The process leading to the legally binding Accord on Fire and Building Safety in Bangladesh was not easy. Still in March, as the world’s ten leading clothing brands and retailers accepted the invitation of IndustriALL Global Union to come and discuss in Geneva, there was an amazing level of complacency among them. I saw no sense of urgency, despite the deadly factory fires and building collapses in the past.
Then the Rana Plaza building came down on 24 April. Again, the first days of rescue work and death toll reports produced no change. Only after the tragic magnitude and circumstances around this industrial homicide attracted an unprecedented global public and media reaction, clothing brands and retailers started to feel the heat.
It was then, in the early days of May, when IndustriALL Global Union and our sister international UNI Global Union told the clothing brands that we would not accept anything but a legally binding agreement for producing a lasting change. After hectic negotiations, hope and despair, intrigues and watering down attempts, Sweden’s H&M and Spain’s Inditex opened the way and announced on 13 May that they would sign. All the others followed.
Well, not all. We knew that US retail giant Walmart was never going to sign anything with unions. With another US company GAP we tried hard, but the management finally said they could not accept paying for the necessary safety upgrades.
The good news is that with 50 companies on board and more joining every day, we now have the critical mass for producing a real change on the ground during the years to come. A joint union-company team is putting together an Implementation Plan by 8 July. Then inspections and trainings of management and workers will start.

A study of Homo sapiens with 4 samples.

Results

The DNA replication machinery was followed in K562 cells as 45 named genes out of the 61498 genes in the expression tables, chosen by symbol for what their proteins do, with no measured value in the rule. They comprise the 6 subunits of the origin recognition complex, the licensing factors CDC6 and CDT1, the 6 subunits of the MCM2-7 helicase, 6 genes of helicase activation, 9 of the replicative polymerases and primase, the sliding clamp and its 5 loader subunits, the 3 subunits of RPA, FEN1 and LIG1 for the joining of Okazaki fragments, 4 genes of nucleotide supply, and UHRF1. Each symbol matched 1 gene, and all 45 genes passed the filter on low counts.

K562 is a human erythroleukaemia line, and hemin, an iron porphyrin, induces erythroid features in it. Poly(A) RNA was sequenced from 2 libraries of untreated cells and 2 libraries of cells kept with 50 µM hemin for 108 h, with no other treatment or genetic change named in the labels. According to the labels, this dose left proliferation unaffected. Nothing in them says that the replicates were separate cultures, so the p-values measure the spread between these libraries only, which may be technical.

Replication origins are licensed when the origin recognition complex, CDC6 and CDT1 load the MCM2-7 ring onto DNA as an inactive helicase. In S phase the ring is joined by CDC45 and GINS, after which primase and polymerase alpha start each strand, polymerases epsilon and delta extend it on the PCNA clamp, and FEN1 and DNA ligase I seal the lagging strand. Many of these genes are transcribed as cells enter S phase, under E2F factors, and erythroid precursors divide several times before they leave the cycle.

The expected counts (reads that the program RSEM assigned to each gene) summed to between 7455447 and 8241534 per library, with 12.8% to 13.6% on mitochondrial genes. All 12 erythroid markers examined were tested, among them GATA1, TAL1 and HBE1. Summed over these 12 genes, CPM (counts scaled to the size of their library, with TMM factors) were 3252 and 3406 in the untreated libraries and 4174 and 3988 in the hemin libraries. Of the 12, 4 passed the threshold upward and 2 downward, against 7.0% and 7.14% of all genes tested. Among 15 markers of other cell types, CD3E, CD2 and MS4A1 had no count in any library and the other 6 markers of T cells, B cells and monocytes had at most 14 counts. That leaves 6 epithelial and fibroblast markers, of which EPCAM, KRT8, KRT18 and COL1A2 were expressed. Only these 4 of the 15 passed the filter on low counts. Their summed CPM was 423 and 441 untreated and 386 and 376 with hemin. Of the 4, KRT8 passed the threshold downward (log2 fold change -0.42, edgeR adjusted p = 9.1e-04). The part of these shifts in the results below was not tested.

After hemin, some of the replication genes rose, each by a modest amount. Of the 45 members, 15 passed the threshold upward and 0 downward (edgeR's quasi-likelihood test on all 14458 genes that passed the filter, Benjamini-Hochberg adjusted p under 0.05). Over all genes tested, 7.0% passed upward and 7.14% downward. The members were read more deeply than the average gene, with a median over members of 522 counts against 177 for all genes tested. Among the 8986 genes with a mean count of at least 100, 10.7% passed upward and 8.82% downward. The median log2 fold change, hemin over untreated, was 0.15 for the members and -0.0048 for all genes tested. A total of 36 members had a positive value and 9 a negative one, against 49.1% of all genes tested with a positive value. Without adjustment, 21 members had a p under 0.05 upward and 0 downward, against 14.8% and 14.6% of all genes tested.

One of our major challenges is to convince the Bangladeshi garment owners that the days of contempt for human life are over. We are just working on a case where an inspection team of brands found a factory with an imminent danger of collapse. Shockingly, the owner refused to evacuate the workers, claiming the building was safe. The brands immediately terminated their business relationship with the factory.
We will face difficult decisions when going through Bangladesh’s 5,000 garment factories which employ four million workers. But IndustriALL wants the brands and retailers to stay in the country and provide safe and good quality jobs.
However, the Bangladeshi garment industries will only become sustainable when the workers have the right to freely set up unions, earn a living wage and work without fear of getting killed.
We are now pushing for a labour law reform to guarantee freedom of association. The Bangladesh unions have rejected the government’s proposal as inadequate. IndustriALL will work with the ITUC and the ILO to continue to put pressure on the political decision-makers.
Also the minimum wage needs to be raised from 38 USD per month step by step to reach a living wage by 2015. The consumer reaction has been clear. They are prepared to pay the few extra cents per t-shirt required to get rid of what Pope Francis called “slave labour”.